Clinical trial evaluates the effect of Minnelide on advanced pancreatic cancer

Pancreatic Cancer Cells

This image shows pancreatic cancer cells (nuclei in blue) growing as a sphere encased in membranes (red). By growing cancer cells in the lab, researchers can study factors that promote and prevent the formation of deadly tumors.
Image credit: NCI Visuals Online

Adults with advanced adenosquamous carcinoma of the pancreas (ASCP) may be eligible to participate in a new clinical trial at the NIH Clinical Center.

ASCP is a rare type of pancreatic cancer that is particularly aggressive. Christine Campo Alewine, M.D., Ph.D., Lasker Clinical Research Scholar in the Laboratory of Molecular Biology, is conducting a study to see if the drug Minnelide can effectively treat ASCP.

MYC is a family of regulator genes that drive ASCP cell growth. Minnelide works in part by inhibiting MYC. It rapidly releases an antitumor molecule into the bloodstream that slows cancer cell growth and induces cancer cell death. Investigators want to see if Minnelide alone can help to shrink ASCP tumors. identifier:  NCT04896073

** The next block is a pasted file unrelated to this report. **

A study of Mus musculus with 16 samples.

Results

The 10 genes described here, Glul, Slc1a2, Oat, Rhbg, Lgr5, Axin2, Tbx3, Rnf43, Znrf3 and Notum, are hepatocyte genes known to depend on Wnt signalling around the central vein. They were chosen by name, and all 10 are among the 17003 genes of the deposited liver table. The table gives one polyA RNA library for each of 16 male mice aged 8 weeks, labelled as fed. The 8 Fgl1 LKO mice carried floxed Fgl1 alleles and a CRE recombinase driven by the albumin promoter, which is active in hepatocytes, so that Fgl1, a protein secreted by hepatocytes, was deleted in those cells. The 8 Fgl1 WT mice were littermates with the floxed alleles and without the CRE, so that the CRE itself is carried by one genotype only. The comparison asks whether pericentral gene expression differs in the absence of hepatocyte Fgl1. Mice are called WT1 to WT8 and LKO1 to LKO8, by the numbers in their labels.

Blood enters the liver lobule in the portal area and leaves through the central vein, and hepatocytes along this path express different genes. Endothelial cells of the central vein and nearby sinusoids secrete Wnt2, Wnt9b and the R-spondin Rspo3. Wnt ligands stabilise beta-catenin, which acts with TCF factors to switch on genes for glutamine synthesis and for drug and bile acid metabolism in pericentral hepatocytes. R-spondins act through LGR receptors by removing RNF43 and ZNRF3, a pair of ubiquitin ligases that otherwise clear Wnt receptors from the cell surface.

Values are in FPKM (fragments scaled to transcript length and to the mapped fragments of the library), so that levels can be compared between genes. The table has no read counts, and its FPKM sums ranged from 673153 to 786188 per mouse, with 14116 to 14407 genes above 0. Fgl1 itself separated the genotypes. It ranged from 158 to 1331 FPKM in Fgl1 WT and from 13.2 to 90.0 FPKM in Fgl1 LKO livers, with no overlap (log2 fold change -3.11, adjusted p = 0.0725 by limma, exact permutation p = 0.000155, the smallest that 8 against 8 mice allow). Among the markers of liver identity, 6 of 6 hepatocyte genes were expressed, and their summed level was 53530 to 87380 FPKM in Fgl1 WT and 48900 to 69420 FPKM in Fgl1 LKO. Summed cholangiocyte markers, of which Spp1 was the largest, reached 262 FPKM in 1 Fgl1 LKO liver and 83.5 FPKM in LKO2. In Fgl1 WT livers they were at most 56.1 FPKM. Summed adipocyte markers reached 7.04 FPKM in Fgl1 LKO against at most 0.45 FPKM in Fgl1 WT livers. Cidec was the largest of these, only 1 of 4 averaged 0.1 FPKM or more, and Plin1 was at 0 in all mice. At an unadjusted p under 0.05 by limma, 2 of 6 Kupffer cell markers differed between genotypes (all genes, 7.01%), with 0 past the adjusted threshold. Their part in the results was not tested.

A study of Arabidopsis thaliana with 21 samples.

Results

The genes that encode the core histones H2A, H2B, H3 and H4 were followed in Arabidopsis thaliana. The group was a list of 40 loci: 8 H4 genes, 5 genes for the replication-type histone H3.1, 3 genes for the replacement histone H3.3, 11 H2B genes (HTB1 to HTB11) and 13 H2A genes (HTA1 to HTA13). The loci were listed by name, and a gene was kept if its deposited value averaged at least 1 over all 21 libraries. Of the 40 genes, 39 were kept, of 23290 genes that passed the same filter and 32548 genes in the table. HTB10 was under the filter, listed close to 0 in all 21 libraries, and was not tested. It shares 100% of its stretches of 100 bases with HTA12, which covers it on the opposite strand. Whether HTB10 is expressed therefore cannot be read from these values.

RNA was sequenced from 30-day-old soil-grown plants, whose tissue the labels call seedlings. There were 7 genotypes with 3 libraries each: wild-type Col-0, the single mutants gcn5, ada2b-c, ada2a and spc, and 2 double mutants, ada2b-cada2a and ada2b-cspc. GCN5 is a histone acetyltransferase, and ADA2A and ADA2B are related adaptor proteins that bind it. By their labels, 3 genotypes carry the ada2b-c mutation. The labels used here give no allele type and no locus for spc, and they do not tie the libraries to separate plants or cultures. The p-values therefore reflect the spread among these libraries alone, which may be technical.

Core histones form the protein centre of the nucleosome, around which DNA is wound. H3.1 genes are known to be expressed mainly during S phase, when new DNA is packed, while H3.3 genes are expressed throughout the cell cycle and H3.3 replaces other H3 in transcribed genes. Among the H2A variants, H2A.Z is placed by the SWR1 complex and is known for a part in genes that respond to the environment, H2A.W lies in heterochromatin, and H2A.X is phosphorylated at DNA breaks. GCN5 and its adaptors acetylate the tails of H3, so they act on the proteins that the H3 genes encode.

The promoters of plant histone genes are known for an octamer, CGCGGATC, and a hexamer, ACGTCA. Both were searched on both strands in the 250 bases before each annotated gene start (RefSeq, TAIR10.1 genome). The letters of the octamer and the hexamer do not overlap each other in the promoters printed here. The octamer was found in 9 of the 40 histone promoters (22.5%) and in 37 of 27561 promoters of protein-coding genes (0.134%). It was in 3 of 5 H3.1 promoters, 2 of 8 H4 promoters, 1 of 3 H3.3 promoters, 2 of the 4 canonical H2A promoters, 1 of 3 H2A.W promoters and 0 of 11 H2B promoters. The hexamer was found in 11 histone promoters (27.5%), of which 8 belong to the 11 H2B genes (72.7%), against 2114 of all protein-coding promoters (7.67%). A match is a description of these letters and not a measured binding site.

NCI Protocol ID: NCI-00-0-254

Official Title: A Phase II Trial of the Superenhancer Inhibitor Minnelide in Advanced Refractory Adenosquamous Carcinoma of the Pancreas (ASCP)

The Center for Cancer Research is NCI’s internal cancer center, a publicly funded organization working to improve the lives of cancer patients by solving important, challenging and neglected problems in cancer research and patient care. Highly trained physician-scientists develop and carry out clinical trials to create the medicines of tomorrow treating patients at the world’s largest dedicated research hospital on the campus of the National Institutes of Health in Bethesda, Maryland.